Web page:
Easthampton explores pathways for municipal internet

  • Easthampton Precinct 3 City Councilor Thomas Peake is working on plans to bring municipal internet to city residents. GAZETTE FILE PHOTO

  • Brett Sayles/via Pexels   Brett Sayles/via Pexels 

Staff Writer
Published: 9/21/2019 4:30:31 PM

EASTHAMPTON — Voters will decide whether the city should establish a municipal light plant in November, but the city’s Telecommunication Advisory Committee has already been vetting potential avenues for municipal broadband internet in the event the proposal passes.

The committee held a public hearing Sept. 11 where members presented on the panel’s research and noted that neighboring communities have reached out to the city for a possible partnership in providing high-speed fiber-optic internet service.

Approval by voters would grant the city the option to establish a municipal light plant (MLP) said District 3 City Councilor and committee founder Thomas Peake, who noted there would be no cost until the city decides to move forward with the project. An MLP is a city-owned entity empowered under state law to provide utilities such as electricity, gas and internet to homes and businesses; a total of 41 MLPs have been created in Massachusetts, including in Holyoke and South Hadley.

“Many of those communities have been rolling out municipal internet, and what they’re often getting are internet services that are faster, reliable and more affordable than the private sector,” Peake said in an interview Friday.

Currently, most households in the city use Charter Communications — known as Spectrum — as their internet service provider, Peake said. There is not much room for private-sector competition, which led him to start exploring the possibility of Easthampton generating its own internet service.

One of the biggest questions, he said, was how the city would finance its initial rollout costs of pole infrastructure and telecom huts. Some cities have increased property taxes to pay for such utilities, others through bonds and reserve funds — but Peake said the city is exploring other options.

The committee identified three possible avenues for an MLP rollout to the public: one being a potential public-private partnership; another, the city financing the project alone; and a third option being a partnership with a nearby town to mitigate operational costs. According to presentation slides from the meeting, the first option could cost $12-$15 million, while the second could cost $8-$10 million. Peake did not have a cost estimate on partnering with another city.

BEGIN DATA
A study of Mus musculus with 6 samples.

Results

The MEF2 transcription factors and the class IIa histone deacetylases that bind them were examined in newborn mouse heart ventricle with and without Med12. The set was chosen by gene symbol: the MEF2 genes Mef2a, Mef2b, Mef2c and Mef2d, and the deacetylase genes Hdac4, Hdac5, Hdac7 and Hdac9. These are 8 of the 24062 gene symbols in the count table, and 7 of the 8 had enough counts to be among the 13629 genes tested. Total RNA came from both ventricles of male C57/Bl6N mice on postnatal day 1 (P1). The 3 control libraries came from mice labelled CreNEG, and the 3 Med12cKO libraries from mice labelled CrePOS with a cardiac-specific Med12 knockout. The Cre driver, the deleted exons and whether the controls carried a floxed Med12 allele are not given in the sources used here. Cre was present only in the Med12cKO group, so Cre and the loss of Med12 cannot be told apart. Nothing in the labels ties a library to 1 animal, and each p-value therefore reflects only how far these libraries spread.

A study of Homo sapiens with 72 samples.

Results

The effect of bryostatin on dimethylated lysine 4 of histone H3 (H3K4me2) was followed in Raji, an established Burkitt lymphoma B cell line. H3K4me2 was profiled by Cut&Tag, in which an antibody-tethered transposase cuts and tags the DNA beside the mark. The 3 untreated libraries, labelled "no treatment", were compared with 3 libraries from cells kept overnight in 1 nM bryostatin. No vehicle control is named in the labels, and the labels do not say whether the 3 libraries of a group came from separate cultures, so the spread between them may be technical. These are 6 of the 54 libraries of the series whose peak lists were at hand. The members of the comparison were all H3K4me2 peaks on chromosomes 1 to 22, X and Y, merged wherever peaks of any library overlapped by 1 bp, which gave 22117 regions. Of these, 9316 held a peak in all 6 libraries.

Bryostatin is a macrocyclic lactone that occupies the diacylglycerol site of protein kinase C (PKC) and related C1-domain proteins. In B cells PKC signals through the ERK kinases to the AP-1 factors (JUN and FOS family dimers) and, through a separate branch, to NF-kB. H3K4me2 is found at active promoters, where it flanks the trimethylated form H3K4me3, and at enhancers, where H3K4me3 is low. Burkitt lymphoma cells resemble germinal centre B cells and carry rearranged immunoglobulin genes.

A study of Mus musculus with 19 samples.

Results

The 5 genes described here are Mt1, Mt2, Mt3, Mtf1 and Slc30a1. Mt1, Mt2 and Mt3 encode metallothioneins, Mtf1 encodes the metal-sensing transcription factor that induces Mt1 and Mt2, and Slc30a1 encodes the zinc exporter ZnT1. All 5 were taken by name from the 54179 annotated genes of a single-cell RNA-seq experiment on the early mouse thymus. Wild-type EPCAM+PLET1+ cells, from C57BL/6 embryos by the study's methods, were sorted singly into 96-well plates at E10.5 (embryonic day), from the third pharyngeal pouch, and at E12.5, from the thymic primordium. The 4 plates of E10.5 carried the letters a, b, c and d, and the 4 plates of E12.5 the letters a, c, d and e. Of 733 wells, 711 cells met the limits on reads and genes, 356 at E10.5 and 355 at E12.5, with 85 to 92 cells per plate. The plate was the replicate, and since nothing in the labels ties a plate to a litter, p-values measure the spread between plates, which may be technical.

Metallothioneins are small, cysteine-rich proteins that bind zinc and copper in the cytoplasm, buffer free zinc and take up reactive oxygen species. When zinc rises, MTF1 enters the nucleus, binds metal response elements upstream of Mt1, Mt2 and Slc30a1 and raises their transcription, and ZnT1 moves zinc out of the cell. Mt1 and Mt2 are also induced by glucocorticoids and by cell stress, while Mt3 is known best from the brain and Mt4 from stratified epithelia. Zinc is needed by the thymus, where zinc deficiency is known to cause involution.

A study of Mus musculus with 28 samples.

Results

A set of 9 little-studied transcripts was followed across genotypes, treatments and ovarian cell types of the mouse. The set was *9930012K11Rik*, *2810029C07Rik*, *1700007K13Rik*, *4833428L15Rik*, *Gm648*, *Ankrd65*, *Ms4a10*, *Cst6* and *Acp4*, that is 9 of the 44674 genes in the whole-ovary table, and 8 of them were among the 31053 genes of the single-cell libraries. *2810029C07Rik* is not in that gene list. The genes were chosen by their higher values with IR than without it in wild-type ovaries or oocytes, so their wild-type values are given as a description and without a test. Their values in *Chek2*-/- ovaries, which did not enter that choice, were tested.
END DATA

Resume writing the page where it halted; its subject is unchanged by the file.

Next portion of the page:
Though it wasn’t brought up at the meeting, Peake said the cities of Holyoke, Westfield and Greenfield had all reached out to the committee, expressing interest in a partnership. In a partnership, the other city could essentially provide and maintain the utility through an expansion of existing services and take a percentage of the overall revenue.

If the city did take this route, Peake said, there would have to be some borrowing for initial infrastructure costs on behalf of the city, but that it would likely be less than the $8-$10 million the city would have to find if it started the endeavor alone.

“We’re looking at maintaining a good credit rating and staying under our debt ceiling,” he said.

A partnership would save money in the long run as Easthampton would not have to pay for ongoing costs including maintenance, customer support and billing, he said.

If an Easthampton MLP partnered with another community, Peake said, it could be almost self-sustaining — after Easthampton’s partner’s share was paid, the rest would essentially be all revenue. Peake envisions a slow rollout for the service, saying that once enough revenue is collected from one neighborhood, the city could use the funds to both expand and pay off the initial borrowing.

He said he did not want to see profits from the service to go straight into the city’s general fund. Instead, he said he would like to see the money go into a fund for maintenance and potential upgrades to the system if there is no partnership.

Peake said the city could even send some of the revenue to public organizations such as Easthampton Media.

“We want this to be a community partner — it has the potential to bring in a very substantial amount of money,” he said.

At the meeting, members of the committee also presented results of a survey taken by over 600 residents. Though Peake said he would not have “statistical confidence” that the survey was a good representation of the entire community based on how many people took it, he did think it showed the opinions of those who are interested in the service.

Of the 614 responses, 70 percent said price and reliability were their top priorities, followed by download speed at 61 percent. Peake said these were all achievable goals, adding that if it were up to him, the city would provide 1-gigabit download speeds directly to homes. 

“It seems to be the gold standard,” he said.

Peake reiterated how internet pricing would be comparable or better than current private providers. For example, WHIP, Westfield’s city-owned internet service, provides up to 1-gigabit service at $70 a month; Charter offers at least 100-megabit download speeds — about one-tenth as fast — for $45 a month.

“There needs to be some price-competitive options or else it’s probably not going to work,” Peake said.

Michael Connors can be reached at mconnors@gazettenet.com.